Llewellyn Flores

Doha
In a bid to appear innovative and ingenious, fashion runways have seen creations that are often termed outlandish, if not rejected as ‘unwearable’ outright. A path fashion seems to have avoided treading on, is when clothes covered most of the skin.

That however is slowly changing. Thanks to ‘modest’ fashion bloggers and online fashionistas, modest dressing has started to surface, showing itself as versatile, stylish and classy. People who opt to dress modestly do not necessarily have to forego expressing their own style, nor do they have to be labelled ‘unfashionable’.

At the Malaysia Fashion Week (MFW) 2015, a runway show showcased modestly cut ready-to-wear, corporate ensembles and evening dresses, created by over 10 designers and houses. It was aptly called Modest-yle.

Among the designers were Yogiswari Prajanti, Aini Bakker and Blancheur. Indonesian designer Prajanti is known for designing mainstream ready-to-wear clothing, at the fashion week, showcased her Gedoglicious collection, a series of modest clothes that uses Gedog ” weaved cloth from the town of Tuban in Java, Indonesia.

In creating her line, the designer said she did not abandon her personal style even in designing the jilbab. Gedoglicious saw some dresses, trousers and jackets rich in the batik motif of Gedog mixed with linen, silk-satin, jacquard and other fabrics. The ensembles were unique, stylish and trendy.”The Malaysian market for modest fashion is promising,” Prajanti said explaining why she designed the modest-style collection and participated in the show.

The Journey (Fall/Winter 2015-16) collection of Blancheur, a fashion house known for Muslimah designs, showed ensembles wearable by any woman aiming at looking classy at work, about town or in a soiree. Blancheur Creative Director E Gerard said,”We do not see our designs merely as Muslimah. We look at it as a modestly stylish way to dress.” Describing the Japanese inspired collection, which used much silk wool, he said,”It’s luxurious but an understated luxury.” He believes the market for modest fashion is huge and not confined to Muslim women. This influences their creations.”We have trendy designs because we want to open up to a bigger market.”

At the event, Islamic Fashion and Design Council (IFDC) Chairwoman Alia Khan spoke about the huge market for modest-fashion. She said,”Something wonderful is brewing here as a sub-sector of the fashion industry. Chanel remains the epitome of timeless beauty with no end in sight and that’s the kind of potential that we see in the modest fashion scene. It has its own demands for beauty, grace and elegance so the opportunity for designers is tremendous.”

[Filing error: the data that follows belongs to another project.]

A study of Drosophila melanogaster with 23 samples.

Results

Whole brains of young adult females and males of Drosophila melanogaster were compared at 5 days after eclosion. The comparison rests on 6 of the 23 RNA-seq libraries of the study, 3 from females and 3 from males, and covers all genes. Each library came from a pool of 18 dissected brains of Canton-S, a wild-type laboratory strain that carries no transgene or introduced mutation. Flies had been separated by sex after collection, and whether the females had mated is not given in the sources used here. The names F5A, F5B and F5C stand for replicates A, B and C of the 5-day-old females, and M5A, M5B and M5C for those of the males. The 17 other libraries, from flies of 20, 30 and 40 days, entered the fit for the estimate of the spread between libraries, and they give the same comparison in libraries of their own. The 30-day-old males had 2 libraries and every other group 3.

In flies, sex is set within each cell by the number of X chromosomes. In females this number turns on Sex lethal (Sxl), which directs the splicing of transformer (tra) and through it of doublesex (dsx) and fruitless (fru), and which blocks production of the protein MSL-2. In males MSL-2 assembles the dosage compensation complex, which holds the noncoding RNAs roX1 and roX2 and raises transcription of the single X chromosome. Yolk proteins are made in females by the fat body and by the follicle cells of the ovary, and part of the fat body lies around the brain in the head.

Aini Bakker has been designing clothes for about 20 years, and has been creating modest-wear for about the same length of time. At the MFW 2015, she showcased urban-style ensembles that are trendy and edgy. She said,”Mulimah-fashion does not need to be confined to abaya or long dresses.”

Blogger and on-line entrepreneur, with over 20,000 YouTube and Instagram followers, Taslima Bubbles Islam described the pieces at the Modest-yle show as”amazing, very fashionable and very current.

“It’s very difficult to find couture-style gowns suited for Muslim women. Even though the clothes are modest, they are usually short sleeved or whatever… then you have to go get another product to put underneath your gown. What I’m seeing here is really amazing and we need more designers like these internationally.”

She believes that the young generation benefits the most from the current trend and visibility of modest-fashion, and not just in the sense of enjoying broader design choices. She feels that the pressure of fitting in often deters young women, especially those in Western societies, to dress modestly.

She also feels that the availability of the trendier modest-clothing can help young women to transition into someone comfortable in wearing the even-more-modest abaya.”Everyone grows. I think this about creating strong role models for the younger generation.”